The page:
Politico, and everyone else, come late to the story that states are starting to look past the Electoral College, by directing their electors to vote not for the state’s favorite, but for the winner of the national popular vote.
This plan has actually been in the works for a while. Under the initiative, led by National Popular Vote and seconded by all the right election law groups (the Brennan Center & FairVote), once states comprising a majority of the Electoral College votes (270) pass enabling legislation, all states so bound will give their electoral votes to the winner of the national popular vote, without regard to the winner of their state’s popular vote. It’s a clever way to work around the Twelfth Amendment, by working within the Amendment’s structure. Since the amendment specifically references state procedures, NPV is a violation of neither the letter of the law, nor its spirit. It’s just creative.
Perhaps unsurprisingly, conservatives don’t like it (see supra RedState). Their arguments, however, demonstrate two things. First, conservative respect for states’ rights ends precisely where their self-interest begins. Second, more than us, and thus contrary to the narrative continually leveled against us, the modern far-right seems to regularly confuse emotion and politics with law, and constitutionalism. Take the common argument against government spending: that it’s unconstitutional, by which the speaker means “unwise,” or possibly, “novel.” Maybe. But those aren’t the same, are they? Or RedState’s preface to what passes for its anti-NPV originalist/legal argument: “[NPV] is well within the boundaries of what the Constitution envisioned. I just disagree.”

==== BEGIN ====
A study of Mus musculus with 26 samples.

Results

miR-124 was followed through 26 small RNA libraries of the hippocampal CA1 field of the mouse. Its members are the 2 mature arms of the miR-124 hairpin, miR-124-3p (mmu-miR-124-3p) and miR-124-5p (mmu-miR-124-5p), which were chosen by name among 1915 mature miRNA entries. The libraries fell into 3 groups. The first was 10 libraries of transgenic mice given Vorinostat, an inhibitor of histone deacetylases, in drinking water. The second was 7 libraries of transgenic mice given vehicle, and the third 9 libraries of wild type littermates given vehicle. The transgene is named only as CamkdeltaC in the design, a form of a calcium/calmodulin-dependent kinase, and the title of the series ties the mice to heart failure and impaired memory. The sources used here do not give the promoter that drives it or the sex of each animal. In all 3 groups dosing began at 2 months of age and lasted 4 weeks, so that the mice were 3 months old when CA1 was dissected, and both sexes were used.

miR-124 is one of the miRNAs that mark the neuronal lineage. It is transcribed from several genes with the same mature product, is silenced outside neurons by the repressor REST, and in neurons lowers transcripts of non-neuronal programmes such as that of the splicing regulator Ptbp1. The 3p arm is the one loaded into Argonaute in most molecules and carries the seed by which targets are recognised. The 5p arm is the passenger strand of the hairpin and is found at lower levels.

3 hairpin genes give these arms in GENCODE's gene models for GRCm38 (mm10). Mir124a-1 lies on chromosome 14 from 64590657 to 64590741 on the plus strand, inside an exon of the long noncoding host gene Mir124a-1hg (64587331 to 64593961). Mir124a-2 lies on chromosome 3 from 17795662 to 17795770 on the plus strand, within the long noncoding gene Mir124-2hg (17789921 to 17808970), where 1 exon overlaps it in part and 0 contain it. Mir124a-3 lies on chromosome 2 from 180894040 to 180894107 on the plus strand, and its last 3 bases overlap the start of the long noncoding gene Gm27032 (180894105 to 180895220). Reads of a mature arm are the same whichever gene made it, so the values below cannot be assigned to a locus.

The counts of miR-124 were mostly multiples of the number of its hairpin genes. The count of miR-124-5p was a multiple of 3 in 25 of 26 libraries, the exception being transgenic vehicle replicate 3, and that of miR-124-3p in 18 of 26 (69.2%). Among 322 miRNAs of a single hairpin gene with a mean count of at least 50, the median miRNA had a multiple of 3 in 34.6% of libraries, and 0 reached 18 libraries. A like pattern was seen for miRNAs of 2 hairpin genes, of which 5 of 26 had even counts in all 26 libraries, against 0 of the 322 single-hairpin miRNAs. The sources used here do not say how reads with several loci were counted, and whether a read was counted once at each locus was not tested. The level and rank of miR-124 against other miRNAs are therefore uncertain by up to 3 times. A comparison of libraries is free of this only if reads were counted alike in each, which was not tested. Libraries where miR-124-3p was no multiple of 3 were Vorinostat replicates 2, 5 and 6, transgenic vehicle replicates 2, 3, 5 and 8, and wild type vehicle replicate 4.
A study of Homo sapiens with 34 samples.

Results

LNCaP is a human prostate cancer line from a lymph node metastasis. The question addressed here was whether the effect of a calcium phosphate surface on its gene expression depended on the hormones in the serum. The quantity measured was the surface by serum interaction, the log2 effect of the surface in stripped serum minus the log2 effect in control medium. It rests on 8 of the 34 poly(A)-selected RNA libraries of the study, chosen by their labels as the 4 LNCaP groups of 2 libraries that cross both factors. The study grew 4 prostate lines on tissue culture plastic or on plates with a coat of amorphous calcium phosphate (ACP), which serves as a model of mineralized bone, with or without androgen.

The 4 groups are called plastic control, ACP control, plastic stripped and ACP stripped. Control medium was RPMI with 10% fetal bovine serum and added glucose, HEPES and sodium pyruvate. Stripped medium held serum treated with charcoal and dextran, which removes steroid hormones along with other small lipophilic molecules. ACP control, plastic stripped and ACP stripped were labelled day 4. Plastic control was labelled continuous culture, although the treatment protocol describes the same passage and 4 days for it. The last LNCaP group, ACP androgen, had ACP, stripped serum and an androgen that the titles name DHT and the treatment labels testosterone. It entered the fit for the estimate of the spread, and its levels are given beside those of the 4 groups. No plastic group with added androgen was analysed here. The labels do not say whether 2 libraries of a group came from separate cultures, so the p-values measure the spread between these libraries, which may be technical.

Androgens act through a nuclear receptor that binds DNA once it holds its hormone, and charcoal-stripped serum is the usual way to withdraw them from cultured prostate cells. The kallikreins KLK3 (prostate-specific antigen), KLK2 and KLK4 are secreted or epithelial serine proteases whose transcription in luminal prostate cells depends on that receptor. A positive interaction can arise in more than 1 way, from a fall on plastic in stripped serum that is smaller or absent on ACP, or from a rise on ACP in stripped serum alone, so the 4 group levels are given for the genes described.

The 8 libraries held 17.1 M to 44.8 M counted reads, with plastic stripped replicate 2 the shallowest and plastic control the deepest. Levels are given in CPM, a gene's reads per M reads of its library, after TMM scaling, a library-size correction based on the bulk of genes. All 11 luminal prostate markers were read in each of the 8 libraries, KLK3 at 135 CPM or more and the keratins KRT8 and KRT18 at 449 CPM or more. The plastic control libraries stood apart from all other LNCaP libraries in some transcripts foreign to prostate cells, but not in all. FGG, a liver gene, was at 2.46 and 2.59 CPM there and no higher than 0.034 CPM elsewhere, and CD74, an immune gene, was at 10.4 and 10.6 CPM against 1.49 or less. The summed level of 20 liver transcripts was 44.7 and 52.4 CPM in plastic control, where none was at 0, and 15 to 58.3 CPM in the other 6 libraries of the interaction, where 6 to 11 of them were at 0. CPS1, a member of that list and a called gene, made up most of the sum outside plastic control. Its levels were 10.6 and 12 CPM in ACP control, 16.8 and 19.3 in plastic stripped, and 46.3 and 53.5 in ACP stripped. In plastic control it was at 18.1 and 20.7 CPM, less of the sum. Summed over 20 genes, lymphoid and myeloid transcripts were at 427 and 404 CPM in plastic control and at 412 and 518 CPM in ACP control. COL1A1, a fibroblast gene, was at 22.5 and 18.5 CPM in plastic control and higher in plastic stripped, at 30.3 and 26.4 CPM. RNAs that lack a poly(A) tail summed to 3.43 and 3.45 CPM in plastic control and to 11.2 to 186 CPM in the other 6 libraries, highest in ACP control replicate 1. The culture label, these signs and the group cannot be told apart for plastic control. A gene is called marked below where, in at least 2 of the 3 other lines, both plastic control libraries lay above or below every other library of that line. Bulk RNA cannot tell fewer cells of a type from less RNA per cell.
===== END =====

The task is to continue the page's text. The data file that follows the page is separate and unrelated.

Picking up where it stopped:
Oh? Well, that’s not how the system works. The presence of the federal Constitution does not elevate all arguments to the constitutional level. The Constitution creates discretion, and a set of possible outcomes. Most debates center around the selection of one such outcome over another. The assertion that one outcome lies outside of the permissible range therefore carries real meaning, expands the consequences of the debate, and ought not to be made casually, lest we confuse the limits of the rule of law with the limits of wisdom. By design, the two are not coextensive.
Sophisticated players should realize this, because your average political debate ought to be had on the narrowest ground possible, to encourage cooperation, and avoid the needless gridlock that occurs when ego and ideology come into play. That’s simply not possible if one player tacks a frivolous “constitutional” claim onto every issue.